Explaining the PyTorch EmbeddingBag Layer

I came across a PyTorch documentation example that used an EmbeddingBag layer. I dissected the example to figure out exactly what an EmbeddingBag layer is and how it works. The bottom line is that an EmbeddingBag layer is useful for relatively simple natural language classification tasks, when the input sentence(s) are short and you can use a basic neural network rather than a complex recurrent neural network such as an LSTM or a Transformer.

The diagram below shows how a standard Embedding layer works, and how an EmbeddingBag works. A regular Embedding layer creates a vector of values (the number of values is the embed_dim) for each word. When you batch items together for a sequential type NN such as am LSTM or Transformer, you must make all items the same length and so you must pad short sentences. This is a real pain.

Click to enlarge.

In the diagram, the sentence “Men write code” is converted to [(0.312, 0.882), (0.321, 0.385), (0.543, 0.481), (0.203, 0.404)]. The embed_dim = 2, and the word “men” is represented by (0.312, 0.882). The trailing padding token is encoded as (0.203, 0.404). In an LSTM or GRU, the embedded words are sent sequentially. In a Transformer, all the embedded words are sent at once and they are sequentially processed (in a very complex way) internally.

With an EmbeddingBag, you don’t need padding. You connect the sentences together into an input batch and record where each sentence starts in an offsets array. Instead of each word being represented by an embedding vector, with an EmbeggingBag, each sentence is represented by an embedding vector. This simplification loses the sequential information so you use a simple neural network.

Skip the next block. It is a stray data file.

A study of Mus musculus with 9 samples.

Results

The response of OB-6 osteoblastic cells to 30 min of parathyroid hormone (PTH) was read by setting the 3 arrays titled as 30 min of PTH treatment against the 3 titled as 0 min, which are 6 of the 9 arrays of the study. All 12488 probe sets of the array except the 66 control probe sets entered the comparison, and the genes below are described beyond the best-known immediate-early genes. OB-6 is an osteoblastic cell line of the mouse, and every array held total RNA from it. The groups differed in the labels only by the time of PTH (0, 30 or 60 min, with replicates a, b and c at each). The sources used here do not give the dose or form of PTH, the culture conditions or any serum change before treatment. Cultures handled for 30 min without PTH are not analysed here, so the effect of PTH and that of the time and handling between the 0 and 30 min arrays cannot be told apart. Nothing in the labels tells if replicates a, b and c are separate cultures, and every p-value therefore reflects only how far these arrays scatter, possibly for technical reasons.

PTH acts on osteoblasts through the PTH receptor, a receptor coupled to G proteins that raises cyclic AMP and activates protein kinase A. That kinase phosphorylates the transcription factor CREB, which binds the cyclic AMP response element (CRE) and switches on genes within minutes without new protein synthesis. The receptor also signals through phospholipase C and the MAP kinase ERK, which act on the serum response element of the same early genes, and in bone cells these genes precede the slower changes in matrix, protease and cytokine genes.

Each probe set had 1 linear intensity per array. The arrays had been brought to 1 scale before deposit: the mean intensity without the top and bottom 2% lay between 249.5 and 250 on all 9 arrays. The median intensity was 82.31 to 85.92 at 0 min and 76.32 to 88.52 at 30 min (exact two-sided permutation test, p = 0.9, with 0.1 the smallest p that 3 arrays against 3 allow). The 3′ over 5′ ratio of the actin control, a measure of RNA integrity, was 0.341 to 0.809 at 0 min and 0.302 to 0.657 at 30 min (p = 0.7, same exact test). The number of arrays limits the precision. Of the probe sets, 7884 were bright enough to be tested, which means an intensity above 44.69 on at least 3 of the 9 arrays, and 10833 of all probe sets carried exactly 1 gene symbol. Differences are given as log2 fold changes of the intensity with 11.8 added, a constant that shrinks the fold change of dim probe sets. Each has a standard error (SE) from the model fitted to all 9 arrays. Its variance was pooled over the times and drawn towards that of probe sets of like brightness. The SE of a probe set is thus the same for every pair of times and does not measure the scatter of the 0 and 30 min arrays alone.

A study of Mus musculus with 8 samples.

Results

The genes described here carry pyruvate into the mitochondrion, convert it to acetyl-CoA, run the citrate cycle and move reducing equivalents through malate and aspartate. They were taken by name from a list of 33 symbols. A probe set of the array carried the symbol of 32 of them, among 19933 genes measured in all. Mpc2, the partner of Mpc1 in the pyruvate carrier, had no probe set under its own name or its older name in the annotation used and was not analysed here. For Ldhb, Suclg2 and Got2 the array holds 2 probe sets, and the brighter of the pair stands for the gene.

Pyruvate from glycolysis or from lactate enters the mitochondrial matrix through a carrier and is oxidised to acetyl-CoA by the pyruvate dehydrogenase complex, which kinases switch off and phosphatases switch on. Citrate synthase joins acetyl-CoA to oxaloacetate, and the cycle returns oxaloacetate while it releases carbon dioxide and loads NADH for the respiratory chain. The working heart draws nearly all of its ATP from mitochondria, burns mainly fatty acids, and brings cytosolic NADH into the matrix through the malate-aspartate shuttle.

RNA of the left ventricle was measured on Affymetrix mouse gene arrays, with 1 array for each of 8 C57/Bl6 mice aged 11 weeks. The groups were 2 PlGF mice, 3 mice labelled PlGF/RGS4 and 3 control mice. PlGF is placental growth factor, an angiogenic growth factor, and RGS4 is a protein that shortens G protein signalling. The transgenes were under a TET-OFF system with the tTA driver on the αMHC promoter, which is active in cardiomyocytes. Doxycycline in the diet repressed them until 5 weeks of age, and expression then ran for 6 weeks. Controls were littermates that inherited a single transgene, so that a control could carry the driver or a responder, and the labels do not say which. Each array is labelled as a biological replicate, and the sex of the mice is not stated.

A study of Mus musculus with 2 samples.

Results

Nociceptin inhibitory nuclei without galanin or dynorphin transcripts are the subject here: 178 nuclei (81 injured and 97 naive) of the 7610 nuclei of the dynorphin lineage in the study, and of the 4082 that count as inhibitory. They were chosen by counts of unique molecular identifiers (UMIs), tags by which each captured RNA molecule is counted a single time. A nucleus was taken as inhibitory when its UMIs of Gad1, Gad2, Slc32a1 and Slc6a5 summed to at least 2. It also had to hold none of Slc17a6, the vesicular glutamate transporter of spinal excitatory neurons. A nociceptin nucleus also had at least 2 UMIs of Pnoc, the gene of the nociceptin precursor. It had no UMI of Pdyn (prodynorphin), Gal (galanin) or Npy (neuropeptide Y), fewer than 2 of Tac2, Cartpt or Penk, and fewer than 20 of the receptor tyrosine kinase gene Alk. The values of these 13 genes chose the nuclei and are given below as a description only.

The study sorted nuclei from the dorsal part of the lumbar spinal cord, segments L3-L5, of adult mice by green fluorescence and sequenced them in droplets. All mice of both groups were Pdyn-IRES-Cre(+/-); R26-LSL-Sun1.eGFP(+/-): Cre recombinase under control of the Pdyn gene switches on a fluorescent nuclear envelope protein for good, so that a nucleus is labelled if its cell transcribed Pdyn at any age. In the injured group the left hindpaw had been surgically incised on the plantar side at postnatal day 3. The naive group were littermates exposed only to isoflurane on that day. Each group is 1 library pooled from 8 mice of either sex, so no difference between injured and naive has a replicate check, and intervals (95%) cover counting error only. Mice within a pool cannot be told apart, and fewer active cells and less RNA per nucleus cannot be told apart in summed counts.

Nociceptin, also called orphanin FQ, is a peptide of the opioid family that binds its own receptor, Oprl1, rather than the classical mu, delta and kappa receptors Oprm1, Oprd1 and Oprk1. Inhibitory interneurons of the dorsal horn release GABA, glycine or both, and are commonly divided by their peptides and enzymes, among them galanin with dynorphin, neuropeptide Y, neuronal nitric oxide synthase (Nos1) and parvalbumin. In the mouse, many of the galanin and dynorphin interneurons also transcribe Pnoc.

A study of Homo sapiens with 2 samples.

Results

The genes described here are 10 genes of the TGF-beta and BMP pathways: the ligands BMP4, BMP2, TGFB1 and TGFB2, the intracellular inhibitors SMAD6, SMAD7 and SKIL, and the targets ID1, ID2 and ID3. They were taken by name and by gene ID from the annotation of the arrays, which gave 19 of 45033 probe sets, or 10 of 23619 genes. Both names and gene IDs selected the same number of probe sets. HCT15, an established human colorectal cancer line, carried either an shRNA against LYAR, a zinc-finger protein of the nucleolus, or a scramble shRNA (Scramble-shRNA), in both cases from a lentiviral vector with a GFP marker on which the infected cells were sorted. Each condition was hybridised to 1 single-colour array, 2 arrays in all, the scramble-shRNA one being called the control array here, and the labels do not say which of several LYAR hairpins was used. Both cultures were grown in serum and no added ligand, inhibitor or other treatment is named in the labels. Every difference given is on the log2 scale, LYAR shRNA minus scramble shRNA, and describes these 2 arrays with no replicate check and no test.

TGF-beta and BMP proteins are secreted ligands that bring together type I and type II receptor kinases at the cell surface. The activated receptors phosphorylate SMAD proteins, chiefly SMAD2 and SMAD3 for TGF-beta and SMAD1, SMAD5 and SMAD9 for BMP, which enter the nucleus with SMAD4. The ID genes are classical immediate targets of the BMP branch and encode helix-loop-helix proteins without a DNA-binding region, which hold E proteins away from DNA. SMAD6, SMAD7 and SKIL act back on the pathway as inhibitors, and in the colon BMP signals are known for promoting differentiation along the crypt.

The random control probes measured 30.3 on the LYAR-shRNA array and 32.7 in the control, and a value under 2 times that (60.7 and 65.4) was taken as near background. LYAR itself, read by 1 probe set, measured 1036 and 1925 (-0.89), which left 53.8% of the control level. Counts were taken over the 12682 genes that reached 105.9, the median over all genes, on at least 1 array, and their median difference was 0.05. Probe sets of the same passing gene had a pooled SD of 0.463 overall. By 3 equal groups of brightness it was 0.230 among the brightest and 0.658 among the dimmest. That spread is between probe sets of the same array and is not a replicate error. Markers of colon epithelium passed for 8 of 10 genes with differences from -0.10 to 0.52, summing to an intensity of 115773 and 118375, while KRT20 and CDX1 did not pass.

import torch as T

class TextClassificationModel(T.nn.Module):

  def __init__(self, vocab_size, embed_dim, num_class):
    super(TextClassificationModel, self).__init__()
    self.embedding = T.nn.EmbeddingBag(vocab_size, 
      embed_dim, sparse=True)
    self.fc = T.nn.Linear(embed_dim, num_class)

  def init_weights(self):
    lim = 0.5
    self.embedding.weight.data.uniform_(-lim, lim)
    self.fc.weight.data.uniform_(-lim, lim)

  def forward(self, text, offsets):
    embedded = self.embedding(text, offsets)
    oupt = self.fc(embedded)
    return oupt

The EmbeddingBag with a standard neural network approach is much simpler than the Embedding layer with a LSTM or Transformer. The EmbeddingBag approach is often viable for situations where the input sequences are just one or two sentences.

There’s a lot of fascinating economics and psychology factors related to designer bags that are embedded into some women’s (and a few men too I suppose) consciousnesses. Left: Louis Vuitton City Steamer MM bag ($55,000). Center: Chanel Alligator Classic bag ($18,000). Right: Hermes Birkin White Niloticus Himalaya Crocodile bag ($385,000).